Recent research specifies several critical success and failure factors when implementing Smart City initiatives to improve urban security. Based on a comparative case study of Smart Safety & Security Initiatives in The Netherlands, the report shows that involving a problem owner early on and fostering communication and cooperation between stakeholders are among the critical factors to achieve success.
The comparative case study research follows the recently released signalling report Smart Cities en Stedelijke Veiligheid (in Dutch). In the Hague, citizens-project BART! and Living Lab Integral Area Protection in the International Zone were among the cases, but also Smart Mobility Living Lab in Helmond, the ‘Inbraakvoorspeller’ in Utrecht and City Alerts in Amsterdam participated in the research. Each initiative provides a positive contribution to the urban security in its own city.
Critical Success Factors
The research report shows that Smart City initiatives rarely formulate concrete criteria for success. This is attributed to the difficulty of measuring the impact of the initiative on the level of urban security. Nevertheless, several initiatives still regard it as important to formulate criteria but caution to not get too hung up on formal measurements. The level of satisfaction from stakeholders is often chosen as a good alternative.
Involving a problem owner and continuous communication and cooperation between stakeholders were both highlighted as critically important for the initiative’s success. This is because the input from stakeholders define the direction of – and support for - the initiative while continuous interaction helps to keep in line with developing needs, requirements and technological advancements. To achieve this for instance, Living Lab International Zone is building a shared communication platform that helps to distribute important information to and from its key stakeholders.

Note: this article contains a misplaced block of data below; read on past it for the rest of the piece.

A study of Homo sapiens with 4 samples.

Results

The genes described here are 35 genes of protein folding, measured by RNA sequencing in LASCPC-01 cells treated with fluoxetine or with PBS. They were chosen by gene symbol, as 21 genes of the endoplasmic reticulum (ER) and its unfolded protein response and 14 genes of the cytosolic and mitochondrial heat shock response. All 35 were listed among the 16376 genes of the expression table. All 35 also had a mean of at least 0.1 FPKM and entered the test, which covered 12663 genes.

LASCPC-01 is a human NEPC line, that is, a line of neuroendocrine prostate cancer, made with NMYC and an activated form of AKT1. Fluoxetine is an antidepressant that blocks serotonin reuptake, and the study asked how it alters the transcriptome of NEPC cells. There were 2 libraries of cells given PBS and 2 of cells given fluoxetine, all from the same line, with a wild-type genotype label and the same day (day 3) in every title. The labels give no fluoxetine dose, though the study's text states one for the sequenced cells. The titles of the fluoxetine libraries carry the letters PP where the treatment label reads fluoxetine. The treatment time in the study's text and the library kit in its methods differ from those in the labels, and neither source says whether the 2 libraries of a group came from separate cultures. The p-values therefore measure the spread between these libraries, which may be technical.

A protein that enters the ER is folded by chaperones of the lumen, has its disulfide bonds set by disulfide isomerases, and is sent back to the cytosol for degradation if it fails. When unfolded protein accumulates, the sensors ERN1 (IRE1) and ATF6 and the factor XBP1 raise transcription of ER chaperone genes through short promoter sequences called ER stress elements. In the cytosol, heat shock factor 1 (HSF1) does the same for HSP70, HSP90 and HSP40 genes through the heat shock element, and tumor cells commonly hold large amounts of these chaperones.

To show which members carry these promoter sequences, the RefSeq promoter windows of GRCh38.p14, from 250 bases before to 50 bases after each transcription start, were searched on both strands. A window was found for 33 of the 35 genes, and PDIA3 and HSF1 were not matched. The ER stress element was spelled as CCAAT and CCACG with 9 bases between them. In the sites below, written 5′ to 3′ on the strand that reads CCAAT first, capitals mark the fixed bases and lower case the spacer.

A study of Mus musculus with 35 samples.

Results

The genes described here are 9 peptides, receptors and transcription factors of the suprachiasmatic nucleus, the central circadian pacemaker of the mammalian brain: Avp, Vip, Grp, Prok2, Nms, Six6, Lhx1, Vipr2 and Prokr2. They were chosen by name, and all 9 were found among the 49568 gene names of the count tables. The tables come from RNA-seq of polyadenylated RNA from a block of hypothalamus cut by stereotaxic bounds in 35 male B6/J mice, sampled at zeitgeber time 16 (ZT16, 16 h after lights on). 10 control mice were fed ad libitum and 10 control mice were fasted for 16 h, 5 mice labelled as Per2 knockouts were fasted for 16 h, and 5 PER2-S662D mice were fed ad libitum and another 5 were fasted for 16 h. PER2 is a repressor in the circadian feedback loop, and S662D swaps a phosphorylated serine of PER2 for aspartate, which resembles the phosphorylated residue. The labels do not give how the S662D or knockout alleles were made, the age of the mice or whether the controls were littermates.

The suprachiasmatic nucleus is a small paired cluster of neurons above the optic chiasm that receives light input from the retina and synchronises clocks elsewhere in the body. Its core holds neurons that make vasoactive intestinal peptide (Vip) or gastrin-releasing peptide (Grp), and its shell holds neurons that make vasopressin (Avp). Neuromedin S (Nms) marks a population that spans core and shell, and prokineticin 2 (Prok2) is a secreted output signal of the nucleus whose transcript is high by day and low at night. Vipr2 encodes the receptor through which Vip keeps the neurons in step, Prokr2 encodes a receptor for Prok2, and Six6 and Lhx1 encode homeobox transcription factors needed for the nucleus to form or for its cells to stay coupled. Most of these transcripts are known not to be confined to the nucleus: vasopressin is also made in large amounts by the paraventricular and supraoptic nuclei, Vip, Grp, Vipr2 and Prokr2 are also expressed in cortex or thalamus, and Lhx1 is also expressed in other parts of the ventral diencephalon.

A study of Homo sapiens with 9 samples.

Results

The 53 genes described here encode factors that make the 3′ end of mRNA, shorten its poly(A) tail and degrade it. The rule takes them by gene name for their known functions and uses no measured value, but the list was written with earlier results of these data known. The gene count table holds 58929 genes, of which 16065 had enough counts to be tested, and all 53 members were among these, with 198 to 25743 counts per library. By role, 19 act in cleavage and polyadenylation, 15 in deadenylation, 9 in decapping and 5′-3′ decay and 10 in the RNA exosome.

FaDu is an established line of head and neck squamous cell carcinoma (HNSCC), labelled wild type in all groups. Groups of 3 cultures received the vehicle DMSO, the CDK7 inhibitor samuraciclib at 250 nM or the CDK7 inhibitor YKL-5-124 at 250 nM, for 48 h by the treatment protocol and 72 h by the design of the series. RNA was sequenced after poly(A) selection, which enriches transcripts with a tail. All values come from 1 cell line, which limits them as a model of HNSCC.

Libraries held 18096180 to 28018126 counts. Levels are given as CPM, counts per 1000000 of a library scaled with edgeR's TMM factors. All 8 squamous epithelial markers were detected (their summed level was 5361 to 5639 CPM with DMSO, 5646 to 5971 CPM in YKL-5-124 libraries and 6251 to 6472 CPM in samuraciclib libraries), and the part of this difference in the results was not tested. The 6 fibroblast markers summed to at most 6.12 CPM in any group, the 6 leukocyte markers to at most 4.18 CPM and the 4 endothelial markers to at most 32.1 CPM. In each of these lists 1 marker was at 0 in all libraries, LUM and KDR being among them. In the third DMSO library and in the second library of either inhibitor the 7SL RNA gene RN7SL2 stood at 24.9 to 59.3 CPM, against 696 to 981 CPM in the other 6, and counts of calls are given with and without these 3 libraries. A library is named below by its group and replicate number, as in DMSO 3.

Challenges and Failure Factors
Cybersecurity of technology and (related) questions about privacy continue to be a point of attention for many. One participant indicated that municipalities wish to see more certification and protocols which safeguard the use and testing of Smart City technology.
Perhaps surprisingly however, the participants in the research indicated that privacy should extend beyond what is legally required because it also concerns a matter of ethical responsibility. The Utrecht Data School developed The Ethical Data Assistant to specifically address questions related to the collection, use and distribution of data. The research indicates that organising sustained financing of the smart city initiatives remains among the most significant challenges smart city decision makers face. In particular, making a viable business case for Living Labs is deemed to be a major difficulty.
A lack of policy supporting the implementation of Smart City initiatives was revealed as a general challenge of innovation. Nevertheless, the participants highlighted that this should not prevent cities from initiating Smart City initiatives. In several cases, Smart City initiatives were shown to positively contribute to the formulation of policy in relation the governance and management of safety & security, but also in urban development and economy.
The research was conducted by Jesse Manning under supervision of HSD Office for his bachelor thesis Safety & Security Management at The Hague University of Applied Sciences. It is used to support HSD’s contribution to and involvement with safety and security in smart cities (see our smart cities programme).